Gol Gumbaz - photo taken during a family trip ...

Gol Gumbaz  in Bijapur (Photo credit: Wikipedia)

We have just enjoyed a couple of days in Bijapur – a predominantly Muslim town about 100kms away from Manvi (where I am based).  One of the members of the Jesuit community is being reassigned there and so we were moving his luggage for him and taking it as an excuse to have a very quick 24hr ‘break’.  I realised a whilst back that many of the hard-working Indian Jesuits do not have ‘holidays’ as we would understand them.  So it was very nice just to spend a bit of time with each other (we were 6 priests and a social worker from Slovakia!) outside of the pressure of work.  Very memorable was visiting a huge mausoleum – the Gol Gumbaz – which has the second biggest dome in the world and the largest whispering gallery.  But what will stay in my mind for longer was the couple of visits we paid to small but very impressive works run by some of the Catholic Nuns in Bijapur caring for AIDS patients.

Orphaned by AIDS

Orphaned by AIDS 

In 2009 it was estimated by the UN that 2.4 million people were living with HIV in India, which equates to a prevalence of 0.3%. While this may seem low, because India’s population is so large, it is third in the world in terms of greatest number of people living with HIV. With a population of around a billion, a mere 0.1% increase in HIV prevalence would increase the estimated number of people living with HIV by over half a million. Particularly at risk are the Devadasi women, a group who have historically been dedicated to the service of gods. These days, this has evolved into sanctioned temple prostitution. It is also somewhat ‘in the closet’.  So the dedicated sisters told me that the patients often arrive on their last legs…when it is clear that their immune system is shot, that they are dying.  The social taboo is so strong that it stops them from coming until it is too late.  The sister, to their credit, have an ambulance and go out and search for them.  There is little they can do when they arrive but at least they can administer drugs that slow the decline, and at least they are surrounded by a community that gives them a sense of dignity. I was very impressed by the joy and gentleness of the sisters who look after them.  The second place we visited was a sister community that take AIDS orphans, again sometimes literally taking them from the streets. For me this was very intense.  A small group of thirty children – without parents – who often arrived at the sisters malnourished, after sadly being neglected whilst their final parent died, and taboos and silence mean that they were left alone.  One of the sisters told me that they were all HIV positive.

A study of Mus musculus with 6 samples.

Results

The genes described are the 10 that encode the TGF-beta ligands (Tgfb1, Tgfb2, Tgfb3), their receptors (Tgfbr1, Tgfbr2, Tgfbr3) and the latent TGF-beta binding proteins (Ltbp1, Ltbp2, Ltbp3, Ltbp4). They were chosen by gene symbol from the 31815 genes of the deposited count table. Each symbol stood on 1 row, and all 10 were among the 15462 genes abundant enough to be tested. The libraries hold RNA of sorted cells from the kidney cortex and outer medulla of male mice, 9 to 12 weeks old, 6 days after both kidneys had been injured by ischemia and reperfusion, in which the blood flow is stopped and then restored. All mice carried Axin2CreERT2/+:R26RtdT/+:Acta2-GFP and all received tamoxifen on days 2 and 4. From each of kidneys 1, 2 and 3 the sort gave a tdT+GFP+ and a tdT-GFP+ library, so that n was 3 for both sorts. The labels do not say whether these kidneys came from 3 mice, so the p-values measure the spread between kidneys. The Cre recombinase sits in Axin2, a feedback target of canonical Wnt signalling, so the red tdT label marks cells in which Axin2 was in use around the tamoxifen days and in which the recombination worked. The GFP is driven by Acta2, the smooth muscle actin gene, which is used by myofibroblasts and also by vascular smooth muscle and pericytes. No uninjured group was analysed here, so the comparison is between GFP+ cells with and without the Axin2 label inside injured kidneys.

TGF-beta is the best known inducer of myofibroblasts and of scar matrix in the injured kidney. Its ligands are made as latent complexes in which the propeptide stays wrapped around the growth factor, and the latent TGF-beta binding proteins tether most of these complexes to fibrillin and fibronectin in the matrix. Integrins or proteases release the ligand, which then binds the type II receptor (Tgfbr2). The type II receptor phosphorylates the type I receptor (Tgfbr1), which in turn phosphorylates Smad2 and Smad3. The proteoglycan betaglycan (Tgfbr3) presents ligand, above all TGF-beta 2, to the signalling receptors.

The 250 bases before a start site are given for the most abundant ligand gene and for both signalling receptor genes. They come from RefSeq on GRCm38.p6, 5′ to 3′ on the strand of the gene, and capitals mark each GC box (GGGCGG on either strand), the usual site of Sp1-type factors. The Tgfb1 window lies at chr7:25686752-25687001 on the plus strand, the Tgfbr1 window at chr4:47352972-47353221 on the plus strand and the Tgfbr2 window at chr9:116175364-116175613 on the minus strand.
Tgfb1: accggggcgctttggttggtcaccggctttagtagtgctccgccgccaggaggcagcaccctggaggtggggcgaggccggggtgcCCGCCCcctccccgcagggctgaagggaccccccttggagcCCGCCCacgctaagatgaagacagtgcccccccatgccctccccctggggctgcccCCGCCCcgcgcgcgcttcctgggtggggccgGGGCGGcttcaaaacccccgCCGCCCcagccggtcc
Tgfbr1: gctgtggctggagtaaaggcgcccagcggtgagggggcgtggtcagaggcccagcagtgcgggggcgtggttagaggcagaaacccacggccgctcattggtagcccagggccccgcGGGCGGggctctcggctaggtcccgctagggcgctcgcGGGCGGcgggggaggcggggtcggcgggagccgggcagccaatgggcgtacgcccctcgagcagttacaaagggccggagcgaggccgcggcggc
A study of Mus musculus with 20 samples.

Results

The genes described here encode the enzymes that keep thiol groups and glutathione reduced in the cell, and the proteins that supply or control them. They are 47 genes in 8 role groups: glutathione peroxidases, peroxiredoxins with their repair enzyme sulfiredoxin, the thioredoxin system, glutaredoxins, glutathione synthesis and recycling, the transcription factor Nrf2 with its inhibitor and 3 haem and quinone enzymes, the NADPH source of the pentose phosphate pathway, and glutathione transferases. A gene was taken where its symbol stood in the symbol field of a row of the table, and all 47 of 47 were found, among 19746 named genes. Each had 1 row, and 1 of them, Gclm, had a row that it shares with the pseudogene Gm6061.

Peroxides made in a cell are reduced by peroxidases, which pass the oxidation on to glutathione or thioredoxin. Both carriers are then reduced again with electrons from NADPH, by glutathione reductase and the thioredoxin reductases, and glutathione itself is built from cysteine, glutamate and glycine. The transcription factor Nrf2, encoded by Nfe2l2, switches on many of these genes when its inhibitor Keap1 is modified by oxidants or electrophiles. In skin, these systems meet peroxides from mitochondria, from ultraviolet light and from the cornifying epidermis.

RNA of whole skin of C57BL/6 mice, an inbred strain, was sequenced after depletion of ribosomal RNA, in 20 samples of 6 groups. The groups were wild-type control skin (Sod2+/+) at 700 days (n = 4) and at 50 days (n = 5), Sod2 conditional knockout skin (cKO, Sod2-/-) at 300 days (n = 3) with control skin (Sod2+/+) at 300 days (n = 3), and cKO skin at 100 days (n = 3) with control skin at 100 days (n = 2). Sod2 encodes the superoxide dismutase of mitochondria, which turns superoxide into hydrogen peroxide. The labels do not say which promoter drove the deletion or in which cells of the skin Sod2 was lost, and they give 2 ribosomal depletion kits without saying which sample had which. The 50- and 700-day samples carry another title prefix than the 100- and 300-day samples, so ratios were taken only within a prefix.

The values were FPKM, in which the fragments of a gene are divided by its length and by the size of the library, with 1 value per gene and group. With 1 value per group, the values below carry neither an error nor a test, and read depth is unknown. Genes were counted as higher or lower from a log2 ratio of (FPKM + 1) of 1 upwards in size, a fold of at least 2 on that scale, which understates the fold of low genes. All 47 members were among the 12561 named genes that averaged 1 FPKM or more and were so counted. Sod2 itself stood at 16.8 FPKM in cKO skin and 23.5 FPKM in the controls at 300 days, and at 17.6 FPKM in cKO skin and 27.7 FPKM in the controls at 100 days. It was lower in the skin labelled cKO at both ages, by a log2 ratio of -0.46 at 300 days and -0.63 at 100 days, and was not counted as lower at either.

However they all seemed so happy – well fed – one beautiful little girl sat on my knee as she ate her lunch.  I was told that she had arrived only three days ago.  The sister asked if she would like to leave with me – but the gorgeous little girl, very content sitting there, said no she wanted to stay with her new friends. My heart had already been melted, as only small children can do!  But I was so impressed with the set up.  The long drive back home, much to the surprise of my brothers, I was very quiet, thinking of this little angel, but also about the wonderful work these sisters were doing.   It is laughable when you here people talking about how religion is a force for bad in the world – how ignorant so many of them are!